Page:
Dubai (AsiaNews) - Millions of Muslims
in Saudi Arabia, Qatar, UAE, Yemen,
Kuwait, Jordan, Egypt,
Tunisia and Algeria are
beginning the holy month of Ramadan, that with his fasting is one of the five
pillars of Islam. In Oman, Iran, Syria
Ramadan will begin tomorrow. The period is calculated based on the sighting of
the first crescent moon in the night sky and this will vary from area to area.
With Ramadan, Muslims commemorate Allah's revelation of the first verses of the Koran to Muhammad, by his sending the angel Gabriel. Every person who has passed the age of puberty and is mentally and physically healthy is obligated to fast. Tradition has it that the daily fast begins when you can distinguish a white thread from a black thread. In villages and cities it is announced by the muezzin call to prayer of 'Al Fajr (morning prayer). Fasting ends at sunset with the Al - Magrib (sunset prayer) which announces the iftar dinner to be shared with the whole family.
Fasting is one of the crucial aspects of Ramadan and is one of the five pillars (duties) of Islam. Its establishment dates from the second year of '"hijra" (622 AD). The period corresponds to the flight of Mohammed from Mecca to the oasis of Yathrib renamed Medina (Madinat al Nabi, the city of the prophet), to escape the hostility of the tribes who saw the leader and his followers a threat to their interests. He instituted the fast among his followers to nourish their spirit and morale, thus reminding them of those who have nothing to eat. For this reason, during Ramadan, in addition to fasting and prayer, the people carry out acts of charity towards the poor and the sick.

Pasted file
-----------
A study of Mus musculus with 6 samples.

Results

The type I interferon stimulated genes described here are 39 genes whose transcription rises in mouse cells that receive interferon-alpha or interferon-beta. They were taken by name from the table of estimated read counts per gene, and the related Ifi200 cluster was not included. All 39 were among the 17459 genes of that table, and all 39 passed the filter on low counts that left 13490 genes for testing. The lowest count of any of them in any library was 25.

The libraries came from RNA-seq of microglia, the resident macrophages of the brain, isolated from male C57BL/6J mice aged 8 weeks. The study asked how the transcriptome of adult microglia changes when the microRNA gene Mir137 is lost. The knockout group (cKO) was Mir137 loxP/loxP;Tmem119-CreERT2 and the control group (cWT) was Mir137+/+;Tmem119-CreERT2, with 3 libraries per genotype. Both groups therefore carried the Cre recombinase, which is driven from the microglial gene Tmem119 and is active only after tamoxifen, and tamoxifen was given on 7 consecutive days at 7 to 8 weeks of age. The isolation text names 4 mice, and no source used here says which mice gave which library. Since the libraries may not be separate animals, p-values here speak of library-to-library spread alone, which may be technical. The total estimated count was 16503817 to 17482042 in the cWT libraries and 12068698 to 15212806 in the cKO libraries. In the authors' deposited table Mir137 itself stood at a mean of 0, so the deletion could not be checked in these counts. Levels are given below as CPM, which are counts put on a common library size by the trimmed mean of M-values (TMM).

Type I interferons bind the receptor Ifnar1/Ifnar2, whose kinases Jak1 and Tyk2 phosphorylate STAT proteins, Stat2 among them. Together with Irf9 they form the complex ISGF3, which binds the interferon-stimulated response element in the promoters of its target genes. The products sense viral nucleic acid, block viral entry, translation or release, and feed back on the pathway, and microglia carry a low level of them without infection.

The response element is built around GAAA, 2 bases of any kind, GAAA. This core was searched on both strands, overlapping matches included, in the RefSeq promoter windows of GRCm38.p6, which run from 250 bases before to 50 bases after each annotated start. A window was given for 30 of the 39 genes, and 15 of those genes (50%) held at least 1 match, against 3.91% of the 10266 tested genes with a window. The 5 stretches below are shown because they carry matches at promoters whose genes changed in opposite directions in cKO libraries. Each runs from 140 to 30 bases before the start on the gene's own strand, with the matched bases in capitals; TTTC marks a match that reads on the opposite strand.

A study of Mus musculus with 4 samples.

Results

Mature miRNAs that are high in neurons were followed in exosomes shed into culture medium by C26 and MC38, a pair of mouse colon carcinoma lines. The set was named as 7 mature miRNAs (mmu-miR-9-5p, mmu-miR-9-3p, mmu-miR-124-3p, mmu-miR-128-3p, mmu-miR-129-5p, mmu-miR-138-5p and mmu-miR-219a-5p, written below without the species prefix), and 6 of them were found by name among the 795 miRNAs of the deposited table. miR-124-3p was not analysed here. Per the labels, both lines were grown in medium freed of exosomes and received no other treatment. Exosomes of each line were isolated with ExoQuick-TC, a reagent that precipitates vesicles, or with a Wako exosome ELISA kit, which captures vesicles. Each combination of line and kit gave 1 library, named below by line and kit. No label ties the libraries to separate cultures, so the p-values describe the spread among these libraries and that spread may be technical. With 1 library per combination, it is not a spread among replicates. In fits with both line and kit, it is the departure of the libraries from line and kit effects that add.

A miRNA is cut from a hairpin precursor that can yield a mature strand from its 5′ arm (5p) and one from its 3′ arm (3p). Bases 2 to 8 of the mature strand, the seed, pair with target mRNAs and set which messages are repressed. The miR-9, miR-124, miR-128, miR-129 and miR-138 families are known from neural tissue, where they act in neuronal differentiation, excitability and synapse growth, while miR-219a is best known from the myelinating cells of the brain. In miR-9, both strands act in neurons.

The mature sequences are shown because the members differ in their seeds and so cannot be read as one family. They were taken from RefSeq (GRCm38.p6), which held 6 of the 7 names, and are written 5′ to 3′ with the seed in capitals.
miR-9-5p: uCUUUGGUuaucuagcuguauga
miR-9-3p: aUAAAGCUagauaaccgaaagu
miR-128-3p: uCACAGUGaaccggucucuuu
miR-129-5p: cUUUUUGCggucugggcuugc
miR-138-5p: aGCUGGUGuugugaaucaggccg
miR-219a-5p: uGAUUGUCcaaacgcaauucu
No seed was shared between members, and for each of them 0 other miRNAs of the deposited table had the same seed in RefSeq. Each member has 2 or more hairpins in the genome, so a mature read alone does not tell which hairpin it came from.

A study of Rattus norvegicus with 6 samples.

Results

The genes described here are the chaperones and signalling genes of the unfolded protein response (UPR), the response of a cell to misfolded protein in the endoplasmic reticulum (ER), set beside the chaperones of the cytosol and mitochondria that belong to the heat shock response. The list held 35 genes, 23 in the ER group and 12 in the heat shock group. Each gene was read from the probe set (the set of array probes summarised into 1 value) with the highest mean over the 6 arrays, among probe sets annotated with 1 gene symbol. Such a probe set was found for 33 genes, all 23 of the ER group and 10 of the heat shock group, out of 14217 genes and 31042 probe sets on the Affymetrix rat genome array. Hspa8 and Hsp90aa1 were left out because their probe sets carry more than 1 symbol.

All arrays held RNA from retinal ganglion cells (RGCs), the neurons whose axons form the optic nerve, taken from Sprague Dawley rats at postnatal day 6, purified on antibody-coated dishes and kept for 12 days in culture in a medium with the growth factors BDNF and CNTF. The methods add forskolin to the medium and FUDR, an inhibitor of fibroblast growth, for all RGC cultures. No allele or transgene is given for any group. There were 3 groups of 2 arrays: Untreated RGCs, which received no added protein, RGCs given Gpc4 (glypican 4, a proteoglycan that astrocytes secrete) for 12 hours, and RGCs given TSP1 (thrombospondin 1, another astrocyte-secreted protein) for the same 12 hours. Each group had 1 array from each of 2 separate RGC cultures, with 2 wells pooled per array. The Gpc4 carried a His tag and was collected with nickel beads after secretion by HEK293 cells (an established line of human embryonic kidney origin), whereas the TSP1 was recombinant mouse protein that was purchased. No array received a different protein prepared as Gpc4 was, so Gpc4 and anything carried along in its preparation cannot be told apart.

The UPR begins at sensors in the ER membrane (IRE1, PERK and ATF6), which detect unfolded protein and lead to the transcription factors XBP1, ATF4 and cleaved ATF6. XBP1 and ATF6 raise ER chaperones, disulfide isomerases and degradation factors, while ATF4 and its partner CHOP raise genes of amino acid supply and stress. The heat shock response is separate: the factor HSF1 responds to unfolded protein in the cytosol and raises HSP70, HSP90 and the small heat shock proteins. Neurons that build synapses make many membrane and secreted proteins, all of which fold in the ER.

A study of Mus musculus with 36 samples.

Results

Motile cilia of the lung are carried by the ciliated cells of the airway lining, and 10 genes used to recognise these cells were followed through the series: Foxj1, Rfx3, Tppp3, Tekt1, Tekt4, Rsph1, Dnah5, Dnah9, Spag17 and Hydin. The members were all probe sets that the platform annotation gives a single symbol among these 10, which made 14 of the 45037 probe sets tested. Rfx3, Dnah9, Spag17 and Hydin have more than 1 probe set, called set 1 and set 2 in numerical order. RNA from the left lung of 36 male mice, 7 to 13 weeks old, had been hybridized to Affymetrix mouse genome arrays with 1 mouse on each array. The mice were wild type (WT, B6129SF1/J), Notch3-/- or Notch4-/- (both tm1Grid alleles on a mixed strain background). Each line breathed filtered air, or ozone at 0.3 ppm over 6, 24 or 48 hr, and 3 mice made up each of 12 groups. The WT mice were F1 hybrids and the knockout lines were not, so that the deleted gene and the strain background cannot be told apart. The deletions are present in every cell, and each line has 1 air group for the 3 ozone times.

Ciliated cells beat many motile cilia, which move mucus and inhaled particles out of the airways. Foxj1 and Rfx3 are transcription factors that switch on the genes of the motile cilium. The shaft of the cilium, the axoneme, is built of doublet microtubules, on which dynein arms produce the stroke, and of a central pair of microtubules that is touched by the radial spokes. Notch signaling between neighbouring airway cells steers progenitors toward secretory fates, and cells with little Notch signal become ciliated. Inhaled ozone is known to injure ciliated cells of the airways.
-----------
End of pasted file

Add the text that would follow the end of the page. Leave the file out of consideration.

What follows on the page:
Those exempted from fasting are: people with psychological problems, children under the age of puberty, the elderly, the sick, travelers, pregnant women, nursing mothers, or women who have just begun the menstrual cycle. Whoever does not pray and fast still must carry out a daily act of charity towards the poor. As an exercise, many parents make their children observe a mini-fast (half day).
During the holy month, many Muslims go to Mecca for Umrah. Alongside the Haji it is one of the pilgrimages prescribed by the Koran.
The last ten days of Ramadan are the most important, during which the Layalat al-Qadr, the night of power, during which Allah revealed the Koran to Muhammad, is commemorated.
The period ends with the feast of Eid al-Fitr, which marks the end of fasting. For three days all the families organize banquets and feasts and exchange gifts.